It’s night and it’s dark and I’m alone and lonely and wondering.
I don’t know anything. How do we live with ourselves, when we know nothing? Fake it, I suppose. Play the charade along with everyone else, and cower in the curtains back stage.
You know, writing can be excruciating. Not only because every word on the page often seems little more than a smear of slime. Not only because every new word is sometimes like pulling out your own teeth, peeling off the skin and flesh from your skull, wet slice by slice, and then dismantling your bones from the neck down.
It’s also painful because every time I write, I’m struck with existential angst.
What is writing but a way to tolerate this absurd, transitory existence? A way to briefly comfort ourselves with the fact that our lives matter, that our words will live on to touch others long after the flesh has melted from our bones?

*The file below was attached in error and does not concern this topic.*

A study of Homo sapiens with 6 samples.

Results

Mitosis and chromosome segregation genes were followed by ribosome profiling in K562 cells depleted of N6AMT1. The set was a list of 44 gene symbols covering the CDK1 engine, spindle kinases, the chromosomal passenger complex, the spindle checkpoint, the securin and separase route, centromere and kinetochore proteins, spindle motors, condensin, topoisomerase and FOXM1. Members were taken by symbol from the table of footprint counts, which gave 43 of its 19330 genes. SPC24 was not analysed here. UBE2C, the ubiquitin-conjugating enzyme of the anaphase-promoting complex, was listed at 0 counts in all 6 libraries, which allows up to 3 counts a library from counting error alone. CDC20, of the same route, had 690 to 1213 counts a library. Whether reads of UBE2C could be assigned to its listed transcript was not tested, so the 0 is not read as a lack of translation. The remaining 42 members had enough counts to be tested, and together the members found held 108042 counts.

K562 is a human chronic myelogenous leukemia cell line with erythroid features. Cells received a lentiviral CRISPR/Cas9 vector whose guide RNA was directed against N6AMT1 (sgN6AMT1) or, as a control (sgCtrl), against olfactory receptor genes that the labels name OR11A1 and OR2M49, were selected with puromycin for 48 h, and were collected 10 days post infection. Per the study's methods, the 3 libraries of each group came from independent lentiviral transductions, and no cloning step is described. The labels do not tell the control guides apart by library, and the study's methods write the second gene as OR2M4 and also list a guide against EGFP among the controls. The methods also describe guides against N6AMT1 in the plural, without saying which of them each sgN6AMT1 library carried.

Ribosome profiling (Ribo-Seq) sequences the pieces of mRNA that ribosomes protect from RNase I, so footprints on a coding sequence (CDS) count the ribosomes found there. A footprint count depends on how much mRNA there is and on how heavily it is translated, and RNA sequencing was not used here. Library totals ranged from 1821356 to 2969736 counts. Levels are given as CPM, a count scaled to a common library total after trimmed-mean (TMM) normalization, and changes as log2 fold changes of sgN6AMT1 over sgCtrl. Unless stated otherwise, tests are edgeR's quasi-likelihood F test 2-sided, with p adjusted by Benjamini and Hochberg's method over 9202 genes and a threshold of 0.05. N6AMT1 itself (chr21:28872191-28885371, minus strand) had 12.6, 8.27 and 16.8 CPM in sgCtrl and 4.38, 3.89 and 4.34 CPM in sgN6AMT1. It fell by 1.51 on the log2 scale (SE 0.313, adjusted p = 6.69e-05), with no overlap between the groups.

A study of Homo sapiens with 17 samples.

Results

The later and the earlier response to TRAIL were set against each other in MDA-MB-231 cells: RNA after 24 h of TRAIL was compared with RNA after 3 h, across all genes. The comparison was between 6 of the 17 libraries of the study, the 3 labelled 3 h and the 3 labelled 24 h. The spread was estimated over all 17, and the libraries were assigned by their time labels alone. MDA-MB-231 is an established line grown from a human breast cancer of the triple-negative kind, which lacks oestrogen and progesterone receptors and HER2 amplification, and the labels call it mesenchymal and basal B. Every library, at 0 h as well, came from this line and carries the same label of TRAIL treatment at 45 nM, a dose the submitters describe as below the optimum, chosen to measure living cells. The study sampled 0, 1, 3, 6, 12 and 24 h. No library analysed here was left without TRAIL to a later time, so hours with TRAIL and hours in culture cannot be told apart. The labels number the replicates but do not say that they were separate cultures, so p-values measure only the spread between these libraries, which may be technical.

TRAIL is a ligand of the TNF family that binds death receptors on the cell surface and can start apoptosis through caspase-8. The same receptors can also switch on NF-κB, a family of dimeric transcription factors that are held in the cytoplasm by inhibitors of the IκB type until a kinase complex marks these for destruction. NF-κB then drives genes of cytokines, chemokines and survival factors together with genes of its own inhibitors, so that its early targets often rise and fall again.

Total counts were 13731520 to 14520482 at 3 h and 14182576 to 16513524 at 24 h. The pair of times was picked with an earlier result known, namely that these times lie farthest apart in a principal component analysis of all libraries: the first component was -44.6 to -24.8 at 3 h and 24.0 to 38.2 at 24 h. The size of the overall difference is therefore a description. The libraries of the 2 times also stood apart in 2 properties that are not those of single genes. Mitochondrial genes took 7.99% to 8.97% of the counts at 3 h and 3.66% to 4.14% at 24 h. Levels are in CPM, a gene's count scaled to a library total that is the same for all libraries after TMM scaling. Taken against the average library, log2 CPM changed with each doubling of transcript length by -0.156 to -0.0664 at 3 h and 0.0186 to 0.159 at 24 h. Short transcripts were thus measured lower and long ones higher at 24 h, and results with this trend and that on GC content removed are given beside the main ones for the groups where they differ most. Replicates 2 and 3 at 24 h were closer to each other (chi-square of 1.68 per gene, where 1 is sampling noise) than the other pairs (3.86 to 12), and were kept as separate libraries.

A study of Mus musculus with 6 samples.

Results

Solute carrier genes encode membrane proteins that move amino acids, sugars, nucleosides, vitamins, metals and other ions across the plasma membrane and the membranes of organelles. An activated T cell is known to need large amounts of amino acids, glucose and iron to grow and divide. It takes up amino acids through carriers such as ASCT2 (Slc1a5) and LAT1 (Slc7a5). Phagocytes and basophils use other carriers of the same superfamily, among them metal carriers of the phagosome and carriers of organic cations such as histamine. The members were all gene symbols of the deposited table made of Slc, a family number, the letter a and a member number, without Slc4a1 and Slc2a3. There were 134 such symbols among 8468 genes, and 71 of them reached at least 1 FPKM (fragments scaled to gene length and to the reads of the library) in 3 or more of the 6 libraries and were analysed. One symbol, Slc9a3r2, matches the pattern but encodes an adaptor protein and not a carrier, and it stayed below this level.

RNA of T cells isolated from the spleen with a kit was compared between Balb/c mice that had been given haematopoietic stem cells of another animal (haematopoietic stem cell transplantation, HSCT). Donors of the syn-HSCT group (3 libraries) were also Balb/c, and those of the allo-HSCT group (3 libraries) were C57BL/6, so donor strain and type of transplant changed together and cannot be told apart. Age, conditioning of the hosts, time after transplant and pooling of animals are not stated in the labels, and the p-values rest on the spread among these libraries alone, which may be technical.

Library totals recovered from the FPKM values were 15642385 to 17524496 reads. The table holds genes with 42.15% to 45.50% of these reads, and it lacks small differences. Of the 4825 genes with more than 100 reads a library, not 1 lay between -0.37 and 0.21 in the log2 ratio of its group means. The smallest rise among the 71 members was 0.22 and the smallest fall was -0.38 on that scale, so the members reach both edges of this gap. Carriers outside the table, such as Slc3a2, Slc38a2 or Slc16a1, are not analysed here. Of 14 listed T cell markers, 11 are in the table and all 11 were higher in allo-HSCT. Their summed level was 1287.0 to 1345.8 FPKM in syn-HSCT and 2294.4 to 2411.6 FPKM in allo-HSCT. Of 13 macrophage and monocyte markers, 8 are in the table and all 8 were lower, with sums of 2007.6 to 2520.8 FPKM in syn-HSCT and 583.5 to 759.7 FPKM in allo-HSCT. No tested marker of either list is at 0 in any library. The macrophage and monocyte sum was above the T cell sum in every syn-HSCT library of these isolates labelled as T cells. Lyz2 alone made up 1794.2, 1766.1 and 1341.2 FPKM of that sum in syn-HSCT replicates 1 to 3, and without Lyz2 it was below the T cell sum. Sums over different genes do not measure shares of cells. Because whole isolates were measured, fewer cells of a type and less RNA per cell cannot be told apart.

Theoretically, what if rats made art with their faeces? We would consider it with indifference and disgust. Yet it could be of paramount importance to the rat, an expression of its furry little existence. Isn’t our art the same? Just patterns drawn in the sand, that we preserve for posterity until posterity runs out, and then it is nothing but molecules pushed aside, just paper, dust, empty ideas without brains to latch onto.
That’s pretty awful. The gaping nothingness of living, that even turns books into dust, if you give it enough time.
You know what else is awful? Scrolling through pictures of buried skeletons. Or watching a documentary about burials, like I did. Those skulls, embedded in the earth like grimy pearls, along with their bones, stirred up something nameless and horrifying within me today.
After all, you and I, him and her, we all end up like that. A bunch of bones, buried in the dirt – if we’re lucky. Just calcified products. Nothing but atoms that return to the earth. What’s the point? What’s it for? Is there a soul that flits away like a shadow bird, once we die? I hope so. But I don’t know.
Just a bunch of bones.
I don’t know anything, but I still wonder. And I cry behind the curtains, but I still go out and dance. Let us tap our bones in a lovely little symphony, and bury them quietly.